On the Austen Knapman blog, we've naturally covered everything steel and all things aluminium, along with a quick sidetrack into some of the amazing properties of other metals. However today we're gearing up to go to some bizarre places when it comes to metals; particularly ones we don't encounter in our day to day lives. From their value to how they react when put under certain conditions, these are our choice of five metals with some very strange physical properties:

#1 - Rhodium: More valuable than any other precious metal

Silvery white, hard and part of the platinum group, Rhodium sits as one of the rarest naturally occurring metals on Earth, second only to osmium. Because of this it's exceptionally sought after, with its market value fluctuating to some astonishing heights, selling for $925 an ounce during 2013. This, coupled with its fairly shiny appearance, gives it a reliable use in jewellery, often acting as an electroplated coat to white gold (known as rhodium flashing) or protecting sterling silver against tarnish. It's also used in catalytic converters, with it's flashiness unfortunately making the cars bearing them a top target for thieves.

#2 - Gallium: Beats like a living heart

Not occurring free form in nature and a mainstay semiconductor in a wide variety of electronics (including mobile phones, computer chips and Blu-rays), gallium's melting point is a strange source of appeal. You can shatter it like glass, cause it to melt by holding it in your hand long enough,  but more bizarre is what happens when it reacts with other metals. As the video with an aluminium Coke can below shows, with just a bit of sulfuric acid and dichromate solution it acts like some form of extraterrestrial life form - and even beats like a heart!

#3 - Mercury: Turns to liquid at room temperature

As mentioned in our previous blog, Mercury is the one and only metal that becomes a liquid at room temperature. We're all aware of its harm to the human body, as well as its use in thermometers, barometers and fluorescent lighting, but its reaction at 23 °C, (or 73.5° Fahrenheit or 296° Kelvin...) has had a profound effect on our medical and metal industry.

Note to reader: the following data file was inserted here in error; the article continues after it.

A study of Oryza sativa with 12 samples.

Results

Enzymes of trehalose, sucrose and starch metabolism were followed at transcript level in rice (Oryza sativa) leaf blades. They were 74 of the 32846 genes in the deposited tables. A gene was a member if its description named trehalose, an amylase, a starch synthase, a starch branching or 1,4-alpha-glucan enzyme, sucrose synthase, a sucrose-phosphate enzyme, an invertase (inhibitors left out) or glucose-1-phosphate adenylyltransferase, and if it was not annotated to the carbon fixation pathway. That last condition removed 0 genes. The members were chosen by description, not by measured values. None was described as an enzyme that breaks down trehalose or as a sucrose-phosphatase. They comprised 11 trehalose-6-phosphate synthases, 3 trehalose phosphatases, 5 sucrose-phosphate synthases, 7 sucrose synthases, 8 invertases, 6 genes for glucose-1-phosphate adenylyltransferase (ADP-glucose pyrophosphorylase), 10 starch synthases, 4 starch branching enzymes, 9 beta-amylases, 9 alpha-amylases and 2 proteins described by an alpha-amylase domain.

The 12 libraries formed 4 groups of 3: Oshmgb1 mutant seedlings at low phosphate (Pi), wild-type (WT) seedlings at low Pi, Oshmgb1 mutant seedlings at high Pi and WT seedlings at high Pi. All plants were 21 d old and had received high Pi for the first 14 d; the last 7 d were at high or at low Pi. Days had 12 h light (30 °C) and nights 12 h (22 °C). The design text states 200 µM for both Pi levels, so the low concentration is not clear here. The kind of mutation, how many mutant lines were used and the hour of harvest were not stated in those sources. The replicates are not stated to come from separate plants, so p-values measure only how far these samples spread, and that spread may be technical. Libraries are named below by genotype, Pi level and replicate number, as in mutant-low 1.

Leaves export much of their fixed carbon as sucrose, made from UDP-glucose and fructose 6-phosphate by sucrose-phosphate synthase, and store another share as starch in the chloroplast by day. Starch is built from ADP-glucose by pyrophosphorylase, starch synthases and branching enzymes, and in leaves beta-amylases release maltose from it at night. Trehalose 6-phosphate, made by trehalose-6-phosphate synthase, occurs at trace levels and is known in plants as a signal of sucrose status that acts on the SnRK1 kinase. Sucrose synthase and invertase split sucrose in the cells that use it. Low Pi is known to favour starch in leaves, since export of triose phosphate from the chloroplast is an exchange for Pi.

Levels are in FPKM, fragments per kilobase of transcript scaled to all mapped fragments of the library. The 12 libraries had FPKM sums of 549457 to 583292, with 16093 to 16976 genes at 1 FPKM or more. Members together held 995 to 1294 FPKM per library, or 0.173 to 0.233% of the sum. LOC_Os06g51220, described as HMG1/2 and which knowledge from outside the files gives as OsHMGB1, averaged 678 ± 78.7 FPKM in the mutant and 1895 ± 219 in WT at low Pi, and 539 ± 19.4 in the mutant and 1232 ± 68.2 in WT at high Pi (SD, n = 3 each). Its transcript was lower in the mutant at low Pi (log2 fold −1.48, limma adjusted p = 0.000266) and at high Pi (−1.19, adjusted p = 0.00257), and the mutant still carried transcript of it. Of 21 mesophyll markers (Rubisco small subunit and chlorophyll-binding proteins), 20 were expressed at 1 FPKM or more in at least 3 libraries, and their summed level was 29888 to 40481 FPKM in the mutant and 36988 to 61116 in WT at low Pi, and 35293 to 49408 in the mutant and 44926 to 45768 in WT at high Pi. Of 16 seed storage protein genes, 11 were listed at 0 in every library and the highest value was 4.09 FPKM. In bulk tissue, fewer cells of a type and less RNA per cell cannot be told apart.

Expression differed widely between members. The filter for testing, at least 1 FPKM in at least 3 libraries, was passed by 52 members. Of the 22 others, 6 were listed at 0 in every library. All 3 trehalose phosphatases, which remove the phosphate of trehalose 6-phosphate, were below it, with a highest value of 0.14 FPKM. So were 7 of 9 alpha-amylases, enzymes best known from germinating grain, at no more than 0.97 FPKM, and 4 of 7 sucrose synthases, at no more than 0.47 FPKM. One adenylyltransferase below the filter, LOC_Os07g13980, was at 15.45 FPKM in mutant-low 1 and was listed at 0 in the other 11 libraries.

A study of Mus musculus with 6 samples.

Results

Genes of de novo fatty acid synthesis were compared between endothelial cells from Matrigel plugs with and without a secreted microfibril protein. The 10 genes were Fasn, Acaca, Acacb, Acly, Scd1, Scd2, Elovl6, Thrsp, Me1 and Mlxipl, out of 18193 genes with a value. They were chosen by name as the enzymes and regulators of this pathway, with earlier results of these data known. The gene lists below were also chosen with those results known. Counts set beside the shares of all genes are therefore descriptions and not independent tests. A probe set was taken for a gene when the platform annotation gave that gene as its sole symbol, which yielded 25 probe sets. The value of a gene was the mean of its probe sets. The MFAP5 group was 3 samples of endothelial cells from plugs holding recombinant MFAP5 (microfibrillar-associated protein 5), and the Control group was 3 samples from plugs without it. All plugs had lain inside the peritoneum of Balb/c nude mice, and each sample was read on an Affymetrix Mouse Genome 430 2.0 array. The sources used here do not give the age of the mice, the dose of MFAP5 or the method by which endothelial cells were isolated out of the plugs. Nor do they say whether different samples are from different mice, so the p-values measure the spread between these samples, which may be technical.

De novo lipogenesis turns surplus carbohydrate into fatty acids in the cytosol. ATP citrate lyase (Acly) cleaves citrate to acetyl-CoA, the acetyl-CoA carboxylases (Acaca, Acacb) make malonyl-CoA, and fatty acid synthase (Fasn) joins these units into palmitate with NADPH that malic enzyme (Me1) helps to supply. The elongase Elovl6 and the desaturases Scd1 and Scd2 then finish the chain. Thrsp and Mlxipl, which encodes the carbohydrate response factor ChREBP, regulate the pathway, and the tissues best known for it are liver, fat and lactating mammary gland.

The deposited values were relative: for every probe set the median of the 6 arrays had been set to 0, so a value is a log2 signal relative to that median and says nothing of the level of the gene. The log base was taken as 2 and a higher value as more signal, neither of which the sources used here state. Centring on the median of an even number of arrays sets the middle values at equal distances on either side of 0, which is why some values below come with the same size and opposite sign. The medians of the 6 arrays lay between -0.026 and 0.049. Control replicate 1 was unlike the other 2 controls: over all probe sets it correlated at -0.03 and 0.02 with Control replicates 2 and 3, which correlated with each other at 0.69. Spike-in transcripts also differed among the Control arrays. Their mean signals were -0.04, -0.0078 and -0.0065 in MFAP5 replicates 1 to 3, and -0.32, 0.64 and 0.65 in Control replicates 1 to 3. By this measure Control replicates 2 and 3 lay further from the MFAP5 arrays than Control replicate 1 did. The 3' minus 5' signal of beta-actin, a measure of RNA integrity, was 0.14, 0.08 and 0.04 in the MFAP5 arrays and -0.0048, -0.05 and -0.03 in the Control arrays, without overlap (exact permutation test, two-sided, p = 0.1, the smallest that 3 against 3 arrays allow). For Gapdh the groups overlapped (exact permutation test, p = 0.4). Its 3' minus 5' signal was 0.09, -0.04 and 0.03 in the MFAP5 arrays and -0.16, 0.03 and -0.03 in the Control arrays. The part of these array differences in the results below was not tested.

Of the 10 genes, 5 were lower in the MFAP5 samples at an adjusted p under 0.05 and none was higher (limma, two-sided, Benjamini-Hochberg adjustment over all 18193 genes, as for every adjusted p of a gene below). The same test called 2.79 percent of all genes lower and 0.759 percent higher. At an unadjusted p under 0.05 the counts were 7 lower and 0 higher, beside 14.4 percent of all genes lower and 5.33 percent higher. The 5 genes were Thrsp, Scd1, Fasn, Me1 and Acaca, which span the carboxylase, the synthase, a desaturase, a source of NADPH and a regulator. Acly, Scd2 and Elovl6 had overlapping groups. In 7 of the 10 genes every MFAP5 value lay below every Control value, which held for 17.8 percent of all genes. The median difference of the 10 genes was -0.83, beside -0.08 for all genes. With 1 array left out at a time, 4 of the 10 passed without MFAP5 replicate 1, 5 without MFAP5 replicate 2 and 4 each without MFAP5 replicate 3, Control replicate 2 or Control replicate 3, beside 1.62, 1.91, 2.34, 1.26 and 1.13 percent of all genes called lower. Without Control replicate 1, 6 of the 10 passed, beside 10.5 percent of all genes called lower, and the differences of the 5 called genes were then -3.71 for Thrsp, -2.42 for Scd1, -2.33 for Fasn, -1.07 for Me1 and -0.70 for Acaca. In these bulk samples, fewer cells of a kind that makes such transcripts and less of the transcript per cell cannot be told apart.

#4 - Beryllium - Invisible to X-rays

Occurring naturally only in combination with other element traces in minerals, and making frequent appearances in missiles, spacecraft, and satellites along with gemstones, the greatest talent of Beryllium is its low density and atomic mass. These make it relatively transparent when absorbing X-rays. This has given it a most profound use in radiation windows, and a valued place in particle physics - being used in all four detector experiments in the Large Hadron Collider.

#5 - Ruthenium - The Metal that Can Burn Forever

Rhuthenium is an exceedingly rare metal of Earth, and has seen much promise for its uses in both oil refining and low-cost solar panels, not to mention in microchip use and for organic and pharmaceutical chemistry. But a recent piece of research unveiled that it may even have a part to play in unravelling history. Yanartas, a geographical phenomenon in Turkey, features numerous fires that have been alight for millennia. It is believed they are what inspired the fire-breathing Chimera in Homer's The Iliad, but the source of their methane fuel source has always been a mystery...until now. Though it's still new research, Giuseppe Etiope of the National Institute of Geophysics and Volcanology believes that ruthenium, which is found in igneous rocks beneath the site, may allow the methane to reach its legendary flame creating temperature.